Doctors have been using X-rays to examine their patients’ bones since the late 1800s, taking advantage of what was then a fledgling technology that could record only the most basic pictures.
Coherent optical radiation, which arrived in the 1960s with the invention of the laser, allowed for far better imaging but still had its limits.
Today’s next-generation coherent X-ray sources are far more advanced, providing spatial resolution that would have been incomprehensible just a decade ago, allowing researchers to see, for the first time, “the ultra-small world.”
“This technology can lead to discoveries in nearly every field of science.” — Linda Young, Argonne Distinguished Fellow
“Coherent X-rays help us extract more information from exceedingly complex, amorphous systems — right down to the atomic level,” said Linda Young, an Argonne Distinguished Fellow and a leader in the field of atomic, molecular and optical physics.
Young’s initial work was funded through the U.S. Department of Energy’s Argonne National Laboratory’s Laboratory Directed Research and Development (LDRD) Program, which provides seed money to grow the laboratory’s research in new directions, supporting high-risk, potentially high-reward research and development.
“It’s pretty remarkable. This technology can lead to discoveries in nearly every field of science,” Young said.
Supratik Guha, Argonne’s Senior Science Adviser, and Director of the Center for Nanoscale Materials at Argonne, said the funding helps support out-of-the-box type experimentation. “LDRD funding is one way that national labs can explore new areas that might steer their future research directions,” he said.
Vivian Sullivan, LDRD program manager at Argonne, said it is critical to the lab’s success.
“Without that freedom to explore, we would end up stagnating,” she said.
Young is using the LDRD funding to push the limits of coherent X-rays.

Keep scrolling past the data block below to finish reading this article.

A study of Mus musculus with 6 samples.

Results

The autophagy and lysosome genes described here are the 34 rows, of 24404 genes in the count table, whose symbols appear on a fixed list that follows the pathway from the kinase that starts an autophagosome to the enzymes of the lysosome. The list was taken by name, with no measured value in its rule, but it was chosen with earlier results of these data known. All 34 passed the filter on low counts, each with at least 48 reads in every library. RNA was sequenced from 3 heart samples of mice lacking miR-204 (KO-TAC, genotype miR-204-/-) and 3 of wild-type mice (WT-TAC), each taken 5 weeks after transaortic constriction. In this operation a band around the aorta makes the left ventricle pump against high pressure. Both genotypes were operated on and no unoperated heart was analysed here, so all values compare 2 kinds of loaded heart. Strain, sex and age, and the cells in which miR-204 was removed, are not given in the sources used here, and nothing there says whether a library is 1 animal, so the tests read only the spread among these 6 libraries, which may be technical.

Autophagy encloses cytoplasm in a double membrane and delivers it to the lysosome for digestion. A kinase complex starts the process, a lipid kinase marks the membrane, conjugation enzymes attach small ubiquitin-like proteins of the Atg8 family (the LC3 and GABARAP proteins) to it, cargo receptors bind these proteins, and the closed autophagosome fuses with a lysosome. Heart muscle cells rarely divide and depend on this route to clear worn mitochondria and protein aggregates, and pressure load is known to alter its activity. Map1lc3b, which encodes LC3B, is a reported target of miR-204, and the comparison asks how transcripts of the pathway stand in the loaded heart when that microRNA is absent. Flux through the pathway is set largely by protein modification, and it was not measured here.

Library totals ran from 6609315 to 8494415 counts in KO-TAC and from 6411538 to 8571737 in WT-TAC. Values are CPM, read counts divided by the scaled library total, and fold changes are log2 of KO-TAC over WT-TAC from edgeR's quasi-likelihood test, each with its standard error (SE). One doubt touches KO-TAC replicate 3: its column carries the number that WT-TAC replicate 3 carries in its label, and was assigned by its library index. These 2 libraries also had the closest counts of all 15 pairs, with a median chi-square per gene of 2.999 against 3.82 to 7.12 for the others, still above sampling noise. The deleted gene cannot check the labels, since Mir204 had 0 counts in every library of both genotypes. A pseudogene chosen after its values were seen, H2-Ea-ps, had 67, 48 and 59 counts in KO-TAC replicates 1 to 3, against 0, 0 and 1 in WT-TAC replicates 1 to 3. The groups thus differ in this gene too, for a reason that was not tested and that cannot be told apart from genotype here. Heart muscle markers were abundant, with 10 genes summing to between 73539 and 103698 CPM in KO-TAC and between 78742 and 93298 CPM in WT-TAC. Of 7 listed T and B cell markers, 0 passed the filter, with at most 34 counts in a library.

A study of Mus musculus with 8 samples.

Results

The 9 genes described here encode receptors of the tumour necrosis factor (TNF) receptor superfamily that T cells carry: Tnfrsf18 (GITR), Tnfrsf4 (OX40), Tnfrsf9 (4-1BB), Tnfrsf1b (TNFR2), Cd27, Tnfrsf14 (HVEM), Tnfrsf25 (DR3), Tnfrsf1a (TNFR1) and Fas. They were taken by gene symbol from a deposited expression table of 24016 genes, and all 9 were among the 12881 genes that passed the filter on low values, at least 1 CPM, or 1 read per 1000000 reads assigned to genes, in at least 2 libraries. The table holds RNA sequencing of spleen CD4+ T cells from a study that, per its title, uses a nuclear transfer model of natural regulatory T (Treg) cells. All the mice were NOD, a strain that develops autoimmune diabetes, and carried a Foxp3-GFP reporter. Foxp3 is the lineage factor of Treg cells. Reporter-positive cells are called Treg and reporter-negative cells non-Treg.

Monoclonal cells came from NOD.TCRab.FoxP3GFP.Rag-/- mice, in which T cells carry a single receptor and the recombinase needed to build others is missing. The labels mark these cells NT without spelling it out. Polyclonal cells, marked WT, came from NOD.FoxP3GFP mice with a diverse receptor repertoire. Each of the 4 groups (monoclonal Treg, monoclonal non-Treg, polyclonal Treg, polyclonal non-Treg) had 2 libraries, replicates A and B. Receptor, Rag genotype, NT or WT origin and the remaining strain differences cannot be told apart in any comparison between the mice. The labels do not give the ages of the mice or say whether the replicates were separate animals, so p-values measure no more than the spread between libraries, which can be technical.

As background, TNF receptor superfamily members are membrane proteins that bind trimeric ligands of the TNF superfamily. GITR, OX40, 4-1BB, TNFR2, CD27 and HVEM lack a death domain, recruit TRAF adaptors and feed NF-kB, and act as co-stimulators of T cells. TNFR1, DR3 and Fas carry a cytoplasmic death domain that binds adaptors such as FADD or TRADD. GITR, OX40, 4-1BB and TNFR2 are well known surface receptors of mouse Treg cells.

“The dream is to take a single molecule — it can have 1 million atoms in it — put it into the X-ray laser beam and image its 3-D architecture with atomic-scale resolution and simultaneously watch intricate movements on a quadrillionth of a second timescale,” she said.
LDRD is funding two related projects under Young’s leadership. The first allows researchers to examine the transformation of a small particle made up of two different types of atoms from one structure into another structure, akin to converting graphite into diamond.
“You can do that with pressure,” Young said. “When you apply pressure — that is, squeezing something — you can change the structure of the object. The original structure, like graphite, for example, is in in one phase and the new structure, such as say diamond, is in another phase, hence the term pressure-induced phase transition.”
Young said that scientists are trying to determine what moves first — the electrons or the nuclei.
“We can do that now because the X-rays can monitor the changes in the electronic structure and nuclear structure simultaneously,” she said.
Such a breakthrough would help scientists better understand numerous processes that occur via coordinated electron — including nuclear motions, such as photosynthesis, and also explore methods to create novel materials by design.
In another study, Young is using the very strong electromagnetic fields from optical lasers to rip an electron from its nucleus.
“This is the process we are looking at in water,” she said. “If you pull an electron off water, you are left with H2O plus or ionized water. We can’t see it happening using optical or UV radiation, but it leaves a distinctive signature in the X-ray region. This type of research will have implications for radiation chemistry and radiation damage.”
In order to do either project, one needs to use the world’s most advanced coherent X-ray sources, which can be found at the laboratory.
“This is an incredible place to do this type of work,” Young said. “The expertise and equipment here is truly astounding.”